Finding a work/life balance
Nigel Helliwell explains St Faith's approach to email management
Posted by Stephanie Broad | August 28, 2015 | People, policy, politics
work life balance, emails, St Faith's Cambridge, independent schools, education, summer holidays

Did you enjoy a relaxing summer holiday?  Were you able to switch off from work and spend quality time with family and friends, or did the constant flow of emails from colleagues ensure that your mind never strayed too far from work issues?

It wasn't that long ago, probably only ten years for most, when a holiday did exactly what it said on the tin. It was a complete break, free of electronic communication and the stresses of work. I still find it hard to believe just how quickly emails have become an integral part of our lives - at work and home. It has become the norm for many businesses to expect employees to respond to emails during their free time in evenings, weekends and even holidays. Just a quick glance around the sun beds of a hotel swimming pool will reveal people busily tapping the keyboards on their phones and tablets, the frowns on their foreheads giving away the fact that many of these messages are work related. Only last week, a newly-recruited employee of a London investment company, fresh from university, told me she received over one hundred emails a day while she was on holiday in Italy this summer. I can't imagine that her holiday was much of a break from work. 

So why have we allowed emails to invade our private lives?  Despite the undoubted benefits of electronic communication, employers have been slow off the mark to address the work/life imbalance caused by email overload. Many companies which are awash with management systems for paper communication have been slow to respond to the tidal wave of emails and only in recent times are beginning to realise the need to introduce email management systems too.

Some employees have taken the situation in to their own hands to protect themselves from the 24/7-communication world.  The 'out of office' message is an invaluable tool for many and for others the simple act of switching off a phone during a family meal provides a welcomed respite from work. 

In particular, we no longer receive emails from colleagues late at night; the ones which, in between the lines, read 'I am working harder and later than anyone else'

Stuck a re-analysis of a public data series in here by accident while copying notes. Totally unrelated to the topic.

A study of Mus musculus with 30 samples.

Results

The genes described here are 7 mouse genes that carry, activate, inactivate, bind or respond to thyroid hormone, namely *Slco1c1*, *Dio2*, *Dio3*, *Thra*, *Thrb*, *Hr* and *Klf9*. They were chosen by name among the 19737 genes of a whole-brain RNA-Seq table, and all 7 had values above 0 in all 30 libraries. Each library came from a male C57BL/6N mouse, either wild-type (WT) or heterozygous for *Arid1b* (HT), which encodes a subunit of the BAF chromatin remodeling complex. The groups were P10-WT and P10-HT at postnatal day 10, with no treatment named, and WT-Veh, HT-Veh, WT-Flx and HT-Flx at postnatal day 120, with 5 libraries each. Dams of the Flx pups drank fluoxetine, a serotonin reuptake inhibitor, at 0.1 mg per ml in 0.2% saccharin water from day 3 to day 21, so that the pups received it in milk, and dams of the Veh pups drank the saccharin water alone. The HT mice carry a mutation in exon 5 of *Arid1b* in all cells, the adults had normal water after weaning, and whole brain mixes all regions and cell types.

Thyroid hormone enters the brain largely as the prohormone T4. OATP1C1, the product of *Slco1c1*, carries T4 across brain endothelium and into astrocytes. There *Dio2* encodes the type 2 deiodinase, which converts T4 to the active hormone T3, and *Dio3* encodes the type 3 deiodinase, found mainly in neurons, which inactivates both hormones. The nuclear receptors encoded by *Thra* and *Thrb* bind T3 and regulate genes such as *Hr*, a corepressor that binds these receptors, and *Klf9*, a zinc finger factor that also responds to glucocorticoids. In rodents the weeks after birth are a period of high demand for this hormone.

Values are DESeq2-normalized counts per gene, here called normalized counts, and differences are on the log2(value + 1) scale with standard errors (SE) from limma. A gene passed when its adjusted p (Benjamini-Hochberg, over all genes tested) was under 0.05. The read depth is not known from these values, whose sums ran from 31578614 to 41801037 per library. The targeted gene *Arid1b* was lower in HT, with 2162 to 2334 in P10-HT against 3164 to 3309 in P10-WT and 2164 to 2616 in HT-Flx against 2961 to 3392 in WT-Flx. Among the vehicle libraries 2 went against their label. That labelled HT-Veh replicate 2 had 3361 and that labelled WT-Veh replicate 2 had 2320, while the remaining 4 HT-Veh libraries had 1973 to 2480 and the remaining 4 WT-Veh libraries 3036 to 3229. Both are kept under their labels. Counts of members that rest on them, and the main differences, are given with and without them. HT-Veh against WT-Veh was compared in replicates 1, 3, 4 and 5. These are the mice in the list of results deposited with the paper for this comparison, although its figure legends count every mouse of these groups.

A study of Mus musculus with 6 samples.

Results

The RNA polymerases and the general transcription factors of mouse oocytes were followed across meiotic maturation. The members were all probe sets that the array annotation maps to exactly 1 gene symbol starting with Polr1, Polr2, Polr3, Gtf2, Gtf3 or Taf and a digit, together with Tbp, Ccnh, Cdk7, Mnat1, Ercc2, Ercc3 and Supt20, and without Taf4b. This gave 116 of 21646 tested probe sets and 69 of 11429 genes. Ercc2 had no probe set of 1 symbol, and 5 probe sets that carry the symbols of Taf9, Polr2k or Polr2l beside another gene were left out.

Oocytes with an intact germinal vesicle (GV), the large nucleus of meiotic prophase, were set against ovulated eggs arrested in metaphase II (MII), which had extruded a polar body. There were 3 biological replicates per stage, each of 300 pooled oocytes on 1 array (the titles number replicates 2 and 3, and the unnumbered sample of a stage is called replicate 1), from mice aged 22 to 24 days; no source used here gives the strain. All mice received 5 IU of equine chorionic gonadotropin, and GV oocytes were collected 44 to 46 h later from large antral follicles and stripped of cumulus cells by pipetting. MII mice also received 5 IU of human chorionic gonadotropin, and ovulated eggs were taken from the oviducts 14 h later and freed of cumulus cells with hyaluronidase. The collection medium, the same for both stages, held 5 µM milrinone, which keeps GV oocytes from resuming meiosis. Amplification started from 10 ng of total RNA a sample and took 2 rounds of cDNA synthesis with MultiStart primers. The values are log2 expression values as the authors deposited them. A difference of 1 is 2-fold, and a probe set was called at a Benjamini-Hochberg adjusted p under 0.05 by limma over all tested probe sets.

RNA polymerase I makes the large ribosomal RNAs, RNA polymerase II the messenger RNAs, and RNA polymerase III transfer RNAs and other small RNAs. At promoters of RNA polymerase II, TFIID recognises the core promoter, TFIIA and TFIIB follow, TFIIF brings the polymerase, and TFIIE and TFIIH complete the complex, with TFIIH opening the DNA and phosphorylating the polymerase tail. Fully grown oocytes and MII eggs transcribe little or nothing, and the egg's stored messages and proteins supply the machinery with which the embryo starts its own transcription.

But it should not be left to employees to find their own solutions to the email onslaught. Employers have a responsibility for the care and welfare of their staff and if we want to genuinely look after our colleagues in the modern age we need a clear and effective system of managing emails. 

Three years ago at St Faith's we introduced email protocols for staff. Colleagues were strongly discouraged from sending non-essential emails out of office hours. We made greater use of group email addresses to reduce the number of blanket messages. And we even piloted an email-free period of the week - Tuesday morning - when everyone was encouraged to speak or telephone rather than email. We named this period 'Talk Tuesday' and we laid on a whole-staff coffee break in the central dining room to promote the traditional method of passing on messages face to face!  Needless to say these measures proved popular, the trial period became permanent and over the years additional measures have been introduced to reduce and manage email traffic. 

The results of this proactive approach have been even greater than we anticipated. The previous flow of evening, weekend and holiday emails has been stemmed. In particular, we no longer receive emails from colleagues late at night; the ones which, in between the lines, read 'I am working harder and later than anyone else'. More generally, colleagues have responded well to the email protocols and have appreciated the effort we have made to preserve their free time. 

It's not perfect of course. It never will be in the modern age of wall-to-wall communication when technology is developing so rapidly and the demands of business and customers continue to rise.

Some companies are, however, doing what they can to manage the ever-increasing email communication and I applaud them. My wish is that more businesses take a proactive approach to this serious modern workforce issue. By doing so their employees will be less of a servant to their pinging phones, have great control over their free time and crucially, I believe, be more productive and effective at work. Everyone deserves a holiday and everyone needs a break from work. 

Nigel Helliwell is headmaster at St Faith’s, Cambridge.